Self-Arisen Avalokiteshvara Brothers
The Self-Arisen Avalokiteshvara Brothers (Wyl. thugs rje chen po rang byung mched) is a set of three, four, or five statues, located along the ancient trade route beginning in Patan going through the Kathmandu valley and up the Trishli river valley until finally reaches Lhasa in Tibet. The statues’ history is deeply connected to the introduction and formation of Buddhism within Tibet in the 7th century. Thus, this set of Avalokiteshvara statues rose to become some of the most sacred and revered objects for Tibetan Buddhists. They are:
- Arya Vati Zangpo of Kyirong in Mangyul
- Arya Bukham of Patan
- Arya Jamali of Kathmandu
- Arya Lokeshvara in the Potala Palace in Lhasa
- Arya Akham of Patan
The history of the Self-Arisen Avalokiteshvara Brothers begins with Avalokiteshvara sending and concealing sacred Avalokiteshvara images throughout our world as to benefit beings of this degenerate age. In the 7th century came King Songtsen Gampo (c.605-650) as an emanation of Avalokiteshvara to establish the dharma within Tibet. Well aware of the power of these unique and sacred treasure items, Songtsen Gampo sought to bring such a statue of Avalokiteshvara to Tibet to bless the land and people and to lay the ground for the establishment of the dharma. Songtsen Gampo radiated forth a light ray from between his eyebrows, at the tip of which he sent an emanation—the monk Akaramatishla (Skt. Akaramatiśīla)—to identify a Haricandana tree in the thick of a sandalwood forest somewhere in the Nepalese Therai and later to gently to extract from it the Self-Arisen Avalokiteshvara Brothers. During the extraction the statues miraculously spoke and determined the place of their future residences, choosing the locations where they are now located.
- Decleer, Hubert. “The Sacred Wati Image and Temple in Kyirong – Franz-Karl Erhard's Magisterial Magnum Opus.” The Tibet Journal XXXI.3, 2006: 76-116.
- Decleer, Hubert. “Another Newar Link with Suratabajra & Lhasa’s White Crystal Cave? Zhigpo-lingpa’s Meditation Scenario on the Five Arya Brother Images.” The Great Compassion: International Buddhist Review, 1, 2004, 53-8.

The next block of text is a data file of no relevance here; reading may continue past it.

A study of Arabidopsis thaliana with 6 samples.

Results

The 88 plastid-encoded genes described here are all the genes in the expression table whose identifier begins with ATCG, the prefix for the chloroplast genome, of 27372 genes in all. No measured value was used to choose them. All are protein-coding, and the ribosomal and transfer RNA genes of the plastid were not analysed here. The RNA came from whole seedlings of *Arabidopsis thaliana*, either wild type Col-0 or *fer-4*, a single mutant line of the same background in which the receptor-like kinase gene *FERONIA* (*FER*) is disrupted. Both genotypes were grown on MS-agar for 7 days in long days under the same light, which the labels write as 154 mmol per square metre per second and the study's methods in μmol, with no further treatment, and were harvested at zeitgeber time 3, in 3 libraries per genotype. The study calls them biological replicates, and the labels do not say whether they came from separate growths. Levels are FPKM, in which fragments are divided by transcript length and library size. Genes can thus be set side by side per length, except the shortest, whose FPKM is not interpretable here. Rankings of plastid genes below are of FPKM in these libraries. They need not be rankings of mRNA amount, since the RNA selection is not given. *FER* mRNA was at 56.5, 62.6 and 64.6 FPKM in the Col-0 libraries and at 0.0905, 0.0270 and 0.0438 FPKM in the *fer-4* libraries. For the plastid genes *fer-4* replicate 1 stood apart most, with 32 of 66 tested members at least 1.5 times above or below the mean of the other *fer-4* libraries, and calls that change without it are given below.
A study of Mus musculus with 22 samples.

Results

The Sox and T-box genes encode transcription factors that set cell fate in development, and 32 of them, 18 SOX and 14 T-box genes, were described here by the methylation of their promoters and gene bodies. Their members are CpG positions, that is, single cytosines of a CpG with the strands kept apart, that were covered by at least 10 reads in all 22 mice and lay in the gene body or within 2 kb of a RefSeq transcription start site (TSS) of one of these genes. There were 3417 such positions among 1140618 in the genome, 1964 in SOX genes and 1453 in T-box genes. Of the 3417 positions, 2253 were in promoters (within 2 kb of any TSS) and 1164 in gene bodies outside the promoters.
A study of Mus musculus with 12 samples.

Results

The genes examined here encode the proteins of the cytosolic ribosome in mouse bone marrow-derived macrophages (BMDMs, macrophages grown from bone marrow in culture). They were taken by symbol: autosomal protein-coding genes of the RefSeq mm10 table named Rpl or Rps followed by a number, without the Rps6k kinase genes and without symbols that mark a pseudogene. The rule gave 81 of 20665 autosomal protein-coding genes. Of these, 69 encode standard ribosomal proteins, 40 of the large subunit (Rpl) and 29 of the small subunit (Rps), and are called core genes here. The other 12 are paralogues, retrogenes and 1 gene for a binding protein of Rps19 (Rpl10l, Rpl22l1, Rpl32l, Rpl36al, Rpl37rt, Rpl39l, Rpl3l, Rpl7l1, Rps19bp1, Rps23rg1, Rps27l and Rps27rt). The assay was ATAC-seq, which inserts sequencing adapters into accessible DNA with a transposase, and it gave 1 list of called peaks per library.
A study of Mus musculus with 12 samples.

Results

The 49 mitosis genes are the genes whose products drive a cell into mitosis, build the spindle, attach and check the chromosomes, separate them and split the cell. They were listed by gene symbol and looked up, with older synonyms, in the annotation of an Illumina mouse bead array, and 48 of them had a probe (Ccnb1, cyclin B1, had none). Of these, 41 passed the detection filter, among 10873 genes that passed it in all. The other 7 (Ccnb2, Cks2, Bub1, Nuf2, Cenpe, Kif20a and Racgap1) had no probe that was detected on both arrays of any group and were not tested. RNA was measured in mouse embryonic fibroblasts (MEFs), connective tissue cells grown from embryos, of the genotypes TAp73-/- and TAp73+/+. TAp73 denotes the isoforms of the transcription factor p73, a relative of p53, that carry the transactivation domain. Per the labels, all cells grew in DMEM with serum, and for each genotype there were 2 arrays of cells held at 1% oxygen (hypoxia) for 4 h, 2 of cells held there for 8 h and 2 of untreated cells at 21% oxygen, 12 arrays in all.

- Ehrhard, Franz Karl. Die Statue und der Tempel des Arya Va-ti bzang-po: Ein Beitrag zur Geschichte und Geographie des Tibetischen Buddhismus (= Contributions to Tibetan Studies, 2). Wiesbaden: Dr. Ludwig Reichert Verlag, 2004.
- Sørensen, Per K. Tibetan Buddhist Historiography: The Mirror Illuminating the Royal Genealogies: An Annotated Translation of the XIVth Century Chronicle rGyal-rabs gsal-ba'i me-long. Asiatische Forschungen Band 128. Wiesbaden: Harrassowitz Verlag, 1994.
- Sørensen, Per K. “Restless Relic. The Arya Lokeśvara Icon: Symbol of Power, Legitimacy, and Pawn for Patronage.” In B. Kellner ed., Pramanakirtih: Papers Dedicated to Ernst Steinkellner on the Occasion of his 70th Birthday. Vol. II. Wien: WSTB, 2007, 857-885.
- There are several similar stories recounting the statues origin. One of their main differences is the number of sacred Avalokiteshvara mentioned. In the three statue story, statues one to three are included. In the four and five statue stories, the fourth and fifth statues are added respectively (see the list below). For a short discussion, see: Hubert Decleer, “The Sacred Wati Image and Temple in Kyirong – Franz-Karl Erhard's Magisterial Magnum Opus,” The Tibet Journal XXXI.3, 2006, 78-80.
- Arya Vati Zangpo’s original location was the Jamtrin Lhakhang, one of the border taming temples built by king Songtsen Gampo (28°25'00.0"N 85°16'60.0"E). The statue has been moved to Dharamasala, where it remains in the possession of His Holiness the Dalai Lama (32°13'56.8"N 76°19'28.2"E).
- Arya Bukham resides for half of the year in Patan (27°40'13.2"N 85°19'22.3"E) and for the other half of the year in Bungamati (27°37'46.7"N 85°18'07.8"E).
- At Jana Bahal (27°42'23.7"N 85°18'37.4"E)
- Potala Palace (29°39′28″N 91°07′01″E)
- Also called the Mimnath temple (27°40'11.7"N 85°19'27.6"E)
- A special type of sandalwood tree.
- For a summary of the story see: Hubert Decleer, “The Sacred Wati Image and Temple in Kyirong – Franz-Karl Erhard's Magisterial Magnum Opus,” The Tibet Journal XXXI.3, 2006. See also: Per K. Sørensen, Tibetan Buddhist Historiography: The Mirror Illuminating the Royal Genealogies: An Annotated Translation of the XIVth Century Chronicle rGyal-rabs gsal-ba'i me-long, (Wiesbaden: Harrassowitz Verlag, 1994) 189-194. For an extensive discussion of the various stories, see: Franz Karl Ehrhard, Die Statue und der Tempel des Arya Va-ti bzang-po: Ein Beitrag zur Geschichte und Geographie des Tibetischen Buddhismus, (Wiesbaden: Dr. Ludwig Reichert Verlag, 2004).